Hey! This update focuses on why NF beat Chance the Rapper for the #1 album on the Billboard charts. The rundown covers Uninterrupted’s expansion in Canada, the impact of Katy Perry’s “Dark Horse” lawsuits, and A$AP Rocky’s politicized freedom.
Looks like the real ‘Big Day’ went to Michigan rapper NF who beat out Chance the Rapper for the #1 album in the country. The Search sold 130,000 units, compared to just 108,000 for the Chicago rapper’s “debut album.” It was a bit of a surprise since Chance was expected to take the #1 spot.
The Search starts with a larger-than-forecast number, as some industry prognosticators thought the album would bow with around 95,000 units. The Search benefited from sturdy sales sold through traditional means like the iTunes Store, a range of merchandise/album bundles sold via NF’s official webstore — including a few late-in-the-week new offers of signed merch bundled with an album — and a concert ticket/album sale redemption offer….
Like NF’s The Search, Chance’s The Big Day was supported by an array of merchandise/album bundles Chance sold via his official website. In addition, Chance offered an album bundled with an access code to the pre-sale for his upcoming concert tour.
The bundles surely helped, but the real reason NF beat Chance is deeper.
NF relied on pure album sales. 65% of his sales came from concert ticket bundles, merch bundles, or standalone album sales. The rest came from streaming. For Chance, it was flipped. 75% came directly from streaming.
It echoes last month’s Trapital article White Rappers and Black Rappers Have Different Business Models. Chance, despite his widespread acceptance by mainstream culture, doesn’t have the fanbase and access to distribution channels that a white rapper like NF does. Even though Chance’s album was streamed nearly twice as much, those streams mean little when it takes 1,250 streams (or more) to equal an album sale.
The Billboard 200 is the Electoral College of music. Billboard’s archaic desire to preserve albums sales means that gaining support from a select subset of the population is more important than marketing to the masses.
Chance has 18 times as many Twitter followers, 7x as many Instagram followers, and performs in concert venues that are 12x the size of NF. But none of that matters for the weekly chart.
It’s hard to feel bad for Chance though. NF announced his album release date back in May. Chance announced his date a couple of weeks ago. He knew who was dropping which week, knew he wanted the #1 spot, and still chose to go head-to-head with NF. There’s a game to be played. Chance was bullish, but came up short.
NF still deserves his recognition though. To his credit, his last album, Perception sold over 50,000 units. And that was well before his hit single “Let You Down” blew up and dominated pop radio. Momentum was building. NF capitalized on his opportunity and rightfully earned the #1 spot this week.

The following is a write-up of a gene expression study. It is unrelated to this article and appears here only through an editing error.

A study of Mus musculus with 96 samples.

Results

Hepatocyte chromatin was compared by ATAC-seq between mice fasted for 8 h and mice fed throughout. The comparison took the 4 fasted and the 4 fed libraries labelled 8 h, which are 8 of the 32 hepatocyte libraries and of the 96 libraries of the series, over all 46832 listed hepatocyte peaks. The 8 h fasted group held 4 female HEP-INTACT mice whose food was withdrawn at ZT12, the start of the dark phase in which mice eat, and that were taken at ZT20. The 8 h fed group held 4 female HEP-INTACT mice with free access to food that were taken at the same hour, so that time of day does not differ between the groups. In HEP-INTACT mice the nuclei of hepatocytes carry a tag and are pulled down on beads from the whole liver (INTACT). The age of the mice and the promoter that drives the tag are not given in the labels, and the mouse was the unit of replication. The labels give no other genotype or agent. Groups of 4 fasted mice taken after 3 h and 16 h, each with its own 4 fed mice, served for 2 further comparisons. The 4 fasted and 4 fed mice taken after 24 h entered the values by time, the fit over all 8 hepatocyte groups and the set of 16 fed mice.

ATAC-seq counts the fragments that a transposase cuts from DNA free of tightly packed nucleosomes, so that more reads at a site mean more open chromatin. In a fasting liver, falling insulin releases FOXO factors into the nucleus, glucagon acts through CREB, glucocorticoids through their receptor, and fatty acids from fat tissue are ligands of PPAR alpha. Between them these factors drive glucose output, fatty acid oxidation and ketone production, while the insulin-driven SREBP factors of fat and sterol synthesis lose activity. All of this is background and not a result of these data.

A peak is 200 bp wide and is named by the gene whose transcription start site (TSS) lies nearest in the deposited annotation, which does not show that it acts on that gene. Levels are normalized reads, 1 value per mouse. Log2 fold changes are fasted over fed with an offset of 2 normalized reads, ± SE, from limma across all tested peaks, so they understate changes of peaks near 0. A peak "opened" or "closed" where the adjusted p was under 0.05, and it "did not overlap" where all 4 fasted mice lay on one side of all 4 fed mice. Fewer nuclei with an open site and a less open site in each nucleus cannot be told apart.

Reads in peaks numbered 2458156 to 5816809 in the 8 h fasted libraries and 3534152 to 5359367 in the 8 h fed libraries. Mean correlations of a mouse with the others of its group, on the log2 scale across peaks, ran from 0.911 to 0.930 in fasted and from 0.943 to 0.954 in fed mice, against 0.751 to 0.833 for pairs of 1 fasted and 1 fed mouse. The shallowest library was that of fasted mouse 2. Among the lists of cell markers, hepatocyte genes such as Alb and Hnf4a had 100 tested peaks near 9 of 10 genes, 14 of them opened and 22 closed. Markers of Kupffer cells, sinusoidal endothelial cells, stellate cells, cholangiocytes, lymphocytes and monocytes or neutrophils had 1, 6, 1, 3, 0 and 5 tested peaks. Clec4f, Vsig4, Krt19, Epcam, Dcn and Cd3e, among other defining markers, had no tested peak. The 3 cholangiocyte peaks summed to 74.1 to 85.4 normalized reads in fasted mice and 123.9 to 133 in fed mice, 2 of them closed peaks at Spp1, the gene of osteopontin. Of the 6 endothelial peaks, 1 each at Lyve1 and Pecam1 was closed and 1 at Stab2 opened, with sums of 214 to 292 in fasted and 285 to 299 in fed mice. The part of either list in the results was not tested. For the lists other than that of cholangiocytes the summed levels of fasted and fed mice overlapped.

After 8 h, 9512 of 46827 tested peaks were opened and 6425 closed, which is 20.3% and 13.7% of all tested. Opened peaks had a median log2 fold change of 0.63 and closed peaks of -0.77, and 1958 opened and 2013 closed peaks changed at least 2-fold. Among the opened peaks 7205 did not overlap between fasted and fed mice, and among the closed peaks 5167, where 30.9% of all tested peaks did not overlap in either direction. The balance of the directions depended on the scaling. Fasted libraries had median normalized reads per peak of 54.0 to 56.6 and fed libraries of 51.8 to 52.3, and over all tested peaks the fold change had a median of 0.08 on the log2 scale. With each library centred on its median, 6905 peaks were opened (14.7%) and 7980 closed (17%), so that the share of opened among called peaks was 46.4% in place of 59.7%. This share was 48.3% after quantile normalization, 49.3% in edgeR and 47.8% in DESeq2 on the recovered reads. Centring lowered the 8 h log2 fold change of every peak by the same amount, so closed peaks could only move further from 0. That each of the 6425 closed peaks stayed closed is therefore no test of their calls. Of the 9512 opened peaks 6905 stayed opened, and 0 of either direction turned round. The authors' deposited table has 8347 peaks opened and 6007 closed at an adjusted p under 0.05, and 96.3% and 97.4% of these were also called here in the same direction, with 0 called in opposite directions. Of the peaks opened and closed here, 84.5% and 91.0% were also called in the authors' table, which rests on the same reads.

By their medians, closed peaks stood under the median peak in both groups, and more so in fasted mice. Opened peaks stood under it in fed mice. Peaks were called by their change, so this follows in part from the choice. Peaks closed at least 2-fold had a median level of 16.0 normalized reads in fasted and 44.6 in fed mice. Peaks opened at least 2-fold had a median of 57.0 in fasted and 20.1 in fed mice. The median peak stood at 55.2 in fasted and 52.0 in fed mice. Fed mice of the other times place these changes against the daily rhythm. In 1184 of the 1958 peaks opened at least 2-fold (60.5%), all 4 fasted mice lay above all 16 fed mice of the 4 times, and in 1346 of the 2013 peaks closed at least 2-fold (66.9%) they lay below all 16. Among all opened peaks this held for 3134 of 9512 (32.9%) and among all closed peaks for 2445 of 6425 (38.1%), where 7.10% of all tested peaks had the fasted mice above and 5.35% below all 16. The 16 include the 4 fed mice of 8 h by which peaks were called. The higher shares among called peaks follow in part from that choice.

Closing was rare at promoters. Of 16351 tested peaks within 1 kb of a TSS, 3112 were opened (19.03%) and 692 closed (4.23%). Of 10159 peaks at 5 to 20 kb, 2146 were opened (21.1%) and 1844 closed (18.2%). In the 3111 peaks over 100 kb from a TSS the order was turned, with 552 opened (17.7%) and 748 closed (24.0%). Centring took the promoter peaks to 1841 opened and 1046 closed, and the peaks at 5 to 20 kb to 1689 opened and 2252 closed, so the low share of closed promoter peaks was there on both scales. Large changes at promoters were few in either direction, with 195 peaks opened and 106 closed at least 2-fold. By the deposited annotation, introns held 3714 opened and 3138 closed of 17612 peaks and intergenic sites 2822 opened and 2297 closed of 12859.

Drake and LeBron James at Uninterrupted Canada’s Press Conference (CBC News)
Uninterrupted Canada officially kicked off. Initial projects include a feature on the clothing line from Toronto Raptor Serge Ibaka and motivational content from former Toronto Blue Jay Marcus Stroman.
This media company is a cornerstone of the player empowerment era. Critics often chide the dangers of players controlling their narratives. It’s an understandable concern, but the owner-driven, mainstream media of old has left much to be inferred and assumed about the players themselves. Uninterrupted, The Player’s Tribune, and similar outlets create a check and balance that was nonexistent for the last generation of athletes.
Who Wrote ‘Stairway to Heaven’? Music Industry Braces for Copyright Suits (Wall Street Journal)
Federal judges in Los Angeles ruled against Katy Perry, ordering her to pay Christian rapper Flame $2.8 million in damages. Perry’s “Dark Horse” apparently sounds too much like this 2009 song “Joyful Noise.” (if you haven’t listened, click those links and check for yourself).
This ridiculous ruling has music attorneys frustrated about future lawsuits. Based on this ruling, songs that share similar musical elements to massive hits can easily be sued for copyright infringement. “There are only 12 notes you can work with, and so things are going to sound alike without technically infringing,” said Mr. McPherson, the music attorney. “The stifling of creativity we predicted after ‘Blurred Lines’ is happening, and after this Katy Perry case it’s going to happen more.”
Agreed. Several examples have come up in recent year’s, like Robin Thicke’s “Blurred Lines,” Ed Sheeran’s “Thinking Out Loud,” and Led Zeppelin’s “Stairway to Heaven.” Hopefully these lawsuits don’t start a trend, but it seems like that’s where it’s heading.
A$AP Rocky’s Politicized Freedom (New York Times)
First and foremost, A$AP Rocky is back home! He thanked everyone for their support and got a chance to enjoy himself yesterday at Kanye West’s Sunday Service.
But the U.S. Government threatened Sweden with “negative consequences” if Rocky remained detained in prison. Rocky’s freedom has been warped into a proof point of the White House’s support for the black community. There’s an inevitable expectation that this incident will be tokenized to sway influence and gain approval elsewhere. Yes, Rocky’s a member of the black community, but the treatment of a celebrity is far different than policies that shape the lives of millions of everyday Americans.